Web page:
Solicitor Kirsty Jeeves explains the duties and responsibilities of acting as a medical expert for the MDU.
A cursory glance of the newspapers or a fleeting scan of the internet will give you the impression that medical negligence claims and complaints against doctors are on the increase. In this atmosphere, there is a demand for doctors to take on the role of medical expert.
This article addresses the following topics:
- what you need to become a medical expert
- what the role involves
- what the MDU expects of its medical experts
- what your duties are as a medical expert
- your liabilities in the role.
Becoming an expert
A medical expert is a practitioner with significant experience in their chosen field who uses their expert knowledge to assist a court (or other judicial or quasi-judicial body) by giving evidence, either in written or oral form.
There are various organisations who provide assistance and training to become an expert witness. In essence you need to provide a CV which demonstrates your experience, including teaching posts, publications and lectureships. Writing medico-legal reports is a skill and these organisations can assist you with training towards report writing, understanding the legal process and attendances at Court.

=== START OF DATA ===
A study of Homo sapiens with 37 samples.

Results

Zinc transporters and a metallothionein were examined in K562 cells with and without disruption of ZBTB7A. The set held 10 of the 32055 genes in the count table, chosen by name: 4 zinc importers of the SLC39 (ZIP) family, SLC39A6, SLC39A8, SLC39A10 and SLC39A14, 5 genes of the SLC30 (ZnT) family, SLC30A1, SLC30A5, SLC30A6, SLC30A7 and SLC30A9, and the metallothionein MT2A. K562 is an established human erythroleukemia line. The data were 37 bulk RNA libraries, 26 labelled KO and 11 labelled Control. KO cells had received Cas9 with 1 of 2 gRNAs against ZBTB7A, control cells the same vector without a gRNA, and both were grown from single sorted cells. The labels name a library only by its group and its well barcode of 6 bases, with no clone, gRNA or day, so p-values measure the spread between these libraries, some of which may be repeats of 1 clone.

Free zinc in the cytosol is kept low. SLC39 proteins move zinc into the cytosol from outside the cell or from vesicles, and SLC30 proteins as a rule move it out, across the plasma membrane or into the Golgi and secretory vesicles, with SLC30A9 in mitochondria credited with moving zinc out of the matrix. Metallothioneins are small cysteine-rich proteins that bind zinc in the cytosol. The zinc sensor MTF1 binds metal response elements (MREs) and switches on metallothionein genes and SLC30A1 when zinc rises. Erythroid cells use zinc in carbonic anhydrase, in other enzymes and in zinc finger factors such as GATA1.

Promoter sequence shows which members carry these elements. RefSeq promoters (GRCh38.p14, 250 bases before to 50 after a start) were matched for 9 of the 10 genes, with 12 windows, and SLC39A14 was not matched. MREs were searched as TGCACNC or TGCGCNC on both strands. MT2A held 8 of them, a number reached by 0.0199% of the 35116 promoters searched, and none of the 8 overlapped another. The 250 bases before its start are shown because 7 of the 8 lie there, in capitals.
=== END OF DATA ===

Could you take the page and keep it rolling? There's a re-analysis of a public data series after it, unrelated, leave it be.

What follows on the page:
What the role involves
Medical experts are commonly instructed by one of the parties in a case of alleged clinical negligence.
The role of the expert is to provide an independent expert opinion on the facts of the case on considering a bundle of documents, or following an examination of a patient.
Experts usually have to review detailed and lengthy documentation. Such information is used to formulate their opinion. Expert opinions need to be communicated in a clear and succinct manner, which is comprehensible to the Court as well as the parties involved.
One of the essential points to remember is that irrespective of who instructs the expert, their duty is to assist the body to whom they are providing their evidence - that is, a civil or criminal Court, an inquest or a tribunal. A dim view is taken of experts who are perceived to be advocating a position rather than providing an opinion.
The GMC publishes guidance1 for doctors who want to act as expert witnesses. There are also legal duties which must be complied with and, if an expert is a member of a professional association, they must comply with its Code of Conduct. It is also essential that experts uphold the duty of confidentiality.
The MDU expects the experts it engages to understand their role and to comply with their legal duties as an expert.